Jeff Bobo • Jun 14, 2017 at 12:30 PM
 

 

ROGERSVILLE — Kyle Hardy has spent 11 of his 17 adult years in a state prison, not including time spent in county jails, but when he is released later this year he has hope for the first time in his life that he won’t be coming back.

Hardy, who is a state inmate serving his time at the Hawkins County Jail, was among 17 inmates who received their GEDs during a ceremony held Tuesday evening in the Hawkins County Circuit Courtroom.

He told the Times-News prior to the event that the diploma is a second chance not only for him, but for his family and his children.

“I have four kids and a stepkid, and how I see it, I can’t tell them to do something that I didn’t do,” Hardy said. “Now I can push them, that they need to finish. My wife and I talked about it. They see me in and out of jail, so they think that’s the normal way to live.

“I come from a good background. I don’t know where my life took that ‘wrong turn at Albuquerque’ but it did. I’ll be 36 in September, and I’ve still got a lot of life to go. I’ve got my kids to worry about, and that’s my driving force — my kids. Now that I have my GED, I can actually get out and have something to do without having to worry about coming back to something like this, because I don’t have to resort to the criminal life.”

His current incarceration stems from an arrest in 2010 in Knox County for burglary and drug possession, with a probation violation in between.

He expects to be released in three months and three weeks, and he’ll have a stretch of probation to get through, but he plans on spending that time studying welding at Pellissippi State Community College in Knoxville where his family lives.

Hardy has been in contact with admissions officials at Pellissippi State who will help him get enrolled in welding classes upon his release, and he’ll have the support of his father and sister during that time.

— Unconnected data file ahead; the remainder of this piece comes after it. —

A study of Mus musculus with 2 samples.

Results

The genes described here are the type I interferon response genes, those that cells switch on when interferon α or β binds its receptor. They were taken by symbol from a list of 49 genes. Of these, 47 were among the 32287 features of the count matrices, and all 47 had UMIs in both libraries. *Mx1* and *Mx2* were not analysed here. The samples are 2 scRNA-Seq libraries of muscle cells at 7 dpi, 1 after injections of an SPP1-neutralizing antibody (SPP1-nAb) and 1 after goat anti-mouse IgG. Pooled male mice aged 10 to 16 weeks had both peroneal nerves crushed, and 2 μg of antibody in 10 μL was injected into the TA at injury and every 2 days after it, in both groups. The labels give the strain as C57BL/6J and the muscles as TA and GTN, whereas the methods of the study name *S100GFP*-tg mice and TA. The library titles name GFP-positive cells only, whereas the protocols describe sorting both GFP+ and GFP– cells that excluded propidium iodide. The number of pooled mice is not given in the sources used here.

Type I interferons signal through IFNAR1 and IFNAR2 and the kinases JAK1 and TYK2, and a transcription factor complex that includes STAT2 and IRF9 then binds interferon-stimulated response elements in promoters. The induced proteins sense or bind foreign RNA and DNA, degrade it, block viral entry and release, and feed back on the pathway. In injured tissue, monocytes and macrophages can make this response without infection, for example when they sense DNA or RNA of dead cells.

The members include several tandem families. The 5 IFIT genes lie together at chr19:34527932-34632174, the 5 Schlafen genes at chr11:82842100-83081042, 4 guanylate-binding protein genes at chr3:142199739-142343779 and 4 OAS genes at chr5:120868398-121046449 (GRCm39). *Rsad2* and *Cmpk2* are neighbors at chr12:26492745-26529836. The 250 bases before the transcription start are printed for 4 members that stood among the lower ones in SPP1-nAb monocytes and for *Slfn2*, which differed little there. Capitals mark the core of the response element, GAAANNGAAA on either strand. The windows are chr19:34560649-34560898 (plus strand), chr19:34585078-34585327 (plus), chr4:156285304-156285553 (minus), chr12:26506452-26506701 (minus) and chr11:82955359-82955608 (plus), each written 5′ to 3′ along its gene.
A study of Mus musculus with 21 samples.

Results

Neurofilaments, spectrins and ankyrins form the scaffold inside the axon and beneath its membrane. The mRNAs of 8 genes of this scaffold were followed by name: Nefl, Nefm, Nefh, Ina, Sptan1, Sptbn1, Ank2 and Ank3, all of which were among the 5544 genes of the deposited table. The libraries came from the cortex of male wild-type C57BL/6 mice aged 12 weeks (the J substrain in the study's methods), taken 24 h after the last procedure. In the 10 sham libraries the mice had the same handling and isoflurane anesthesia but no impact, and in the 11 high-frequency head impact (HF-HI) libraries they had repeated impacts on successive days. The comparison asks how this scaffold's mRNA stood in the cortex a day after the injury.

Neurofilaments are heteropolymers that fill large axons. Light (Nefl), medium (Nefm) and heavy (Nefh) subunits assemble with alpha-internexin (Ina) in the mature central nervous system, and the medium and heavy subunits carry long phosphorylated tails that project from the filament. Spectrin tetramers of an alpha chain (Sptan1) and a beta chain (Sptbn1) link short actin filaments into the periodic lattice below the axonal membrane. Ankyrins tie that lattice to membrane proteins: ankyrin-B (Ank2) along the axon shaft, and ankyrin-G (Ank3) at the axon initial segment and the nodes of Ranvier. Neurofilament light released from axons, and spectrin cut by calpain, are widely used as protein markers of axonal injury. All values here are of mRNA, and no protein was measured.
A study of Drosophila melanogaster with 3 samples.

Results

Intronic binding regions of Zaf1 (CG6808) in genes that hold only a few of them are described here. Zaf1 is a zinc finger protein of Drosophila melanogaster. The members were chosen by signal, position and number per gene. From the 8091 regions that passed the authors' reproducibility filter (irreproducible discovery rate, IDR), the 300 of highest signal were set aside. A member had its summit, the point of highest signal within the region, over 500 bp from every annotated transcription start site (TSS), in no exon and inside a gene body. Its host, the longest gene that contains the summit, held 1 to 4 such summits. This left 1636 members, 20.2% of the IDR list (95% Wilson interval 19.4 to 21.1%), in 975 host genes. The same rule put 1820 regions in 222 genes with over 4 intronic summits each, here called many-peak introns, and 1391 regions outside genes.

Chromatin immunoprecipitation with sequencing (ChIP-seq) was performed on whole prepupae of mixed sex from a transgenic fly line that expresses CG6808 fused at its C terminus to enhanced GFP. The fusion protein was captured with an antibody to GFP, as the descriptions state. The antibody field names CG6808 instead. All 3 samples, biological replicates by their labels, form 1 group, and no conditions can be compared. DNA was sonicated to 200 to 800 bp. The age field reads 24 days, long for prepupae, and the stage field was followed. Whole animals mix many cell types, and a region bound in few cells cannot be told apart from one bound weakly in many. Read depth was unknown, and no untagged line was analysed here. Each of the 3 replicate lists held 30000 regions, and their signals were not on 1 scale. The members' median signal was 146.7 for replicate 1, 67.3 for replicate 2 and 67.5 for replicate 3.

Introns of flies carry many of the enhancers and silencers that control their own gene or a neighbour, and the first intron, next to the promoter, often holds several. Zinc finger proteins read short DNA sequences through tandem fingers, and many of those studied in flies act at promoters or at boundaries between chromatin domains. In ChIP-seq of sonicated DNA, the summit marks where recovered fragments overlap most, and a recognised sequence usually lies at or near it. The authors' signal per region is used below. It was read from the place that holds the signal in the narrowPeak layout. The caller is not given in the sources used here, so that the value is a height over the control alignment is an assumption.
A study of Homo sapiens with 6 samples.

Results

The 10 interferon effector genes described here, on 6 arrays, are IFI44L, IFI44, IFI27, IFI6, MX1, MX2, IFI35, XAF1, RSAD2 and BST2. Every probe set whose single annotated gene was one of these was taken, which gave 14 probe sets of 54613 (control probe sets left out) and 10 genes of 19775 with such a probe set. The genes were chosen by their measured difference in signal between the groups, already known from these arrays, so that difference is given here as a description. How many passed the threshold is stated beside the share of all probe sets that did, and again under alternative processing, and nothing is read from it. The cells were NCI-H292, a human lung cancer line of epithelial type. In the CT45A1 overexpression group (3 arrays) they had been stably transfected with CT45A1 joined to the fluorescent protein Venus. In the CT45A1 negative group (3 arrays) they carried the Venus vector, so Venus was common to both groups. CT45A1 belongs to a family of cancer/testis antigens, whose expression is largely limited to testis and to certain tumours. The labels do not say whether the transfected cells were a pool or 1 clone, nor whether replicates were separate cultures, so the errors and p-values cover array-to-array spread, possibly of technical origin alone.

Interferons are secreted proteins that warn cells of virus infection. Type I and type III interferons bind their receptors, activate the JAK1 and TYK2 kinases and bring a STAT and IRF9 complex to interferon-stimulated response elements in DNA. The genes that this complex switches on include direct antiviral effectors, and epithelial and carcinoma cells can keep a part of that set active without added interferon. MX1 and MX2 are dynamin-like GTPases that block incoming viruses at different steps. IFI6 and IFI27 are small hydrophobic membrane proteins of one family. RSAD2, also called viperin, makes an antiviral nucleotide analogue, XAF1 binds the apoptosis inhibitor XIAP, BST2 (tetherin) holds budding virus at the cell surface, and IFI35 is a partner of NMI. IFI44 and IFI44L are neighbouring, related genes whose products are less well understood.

He is a native of Florida, where he became a certified diver, and he hoped to someday be an underwater welder, which should be more lucrative than regular welding.

“Now I’ve actually got an opportunity, and I’m grateful for this,” he said. “Now I’ve got something to look forward to because I’ve got a leg up, as opposed to just getting thrown back to the wolves again. People just keep coming back, and back, and back, and I’m trying to break that cycle.

“My kids are still young. My oldest will be 10 in December. I’ve still got time to make an impression on them and make them understand that what I’ve done in the past is not the example I want to set for them and not the life I would want them to fall into.”

During Tuesday’s ceremony, Sheriff Ronnie Lawson told the graduates that their diploma means as much to him as it does to them because he sees where they’ve come from and the hard work they’ve put in to get to this point.

“It’s another step for you in the right direction,” Lawson said. “It helps you come to a crossroads where now you can turn right, get a job, and have a brighter future. I think you see now that there’s not much future where you’re at. Where you go now depends on you all because there is work out there if you really want to work, and there’s hope and promise.”

Guest speaker Jennifer Greene, who is the lead teacher with the Northeast State Community College’s Adult Education program, told the graduates education gives them an opportunity to do something different.

“By jumping through those hoops and completing those tests, I hope you see how much you actually can do, how much you can achieve if you set your mind to it,” Greene said.

Denise Carr with the 2nd Chance Program based in Morristown helps people with criminal records find employment upon their release.

She handed each of the graduates pamphlets and contact information and said she will help them not only find employment when they are released, but help them find funding to continue their education at a community or technical college.

The Hawkins County Jail had 75 inmates earn a GED in the three previous years, including 40 in 2016.

Aside from Hardy, the Hawkins County Jail GED Class of 2017 includes Christopher Berry, Noah Carrier, Alfonso Cedeno, Edgar Chess, Eric Conaster, Christopher Cross, Tyler Denison, Eric Ferguson, Jordon Ferrell, Joshua Fultz, Justin Herron, Destiny Lawson, Steven Merril, Johnny Peters, Ronema Widner, and Rickie Price.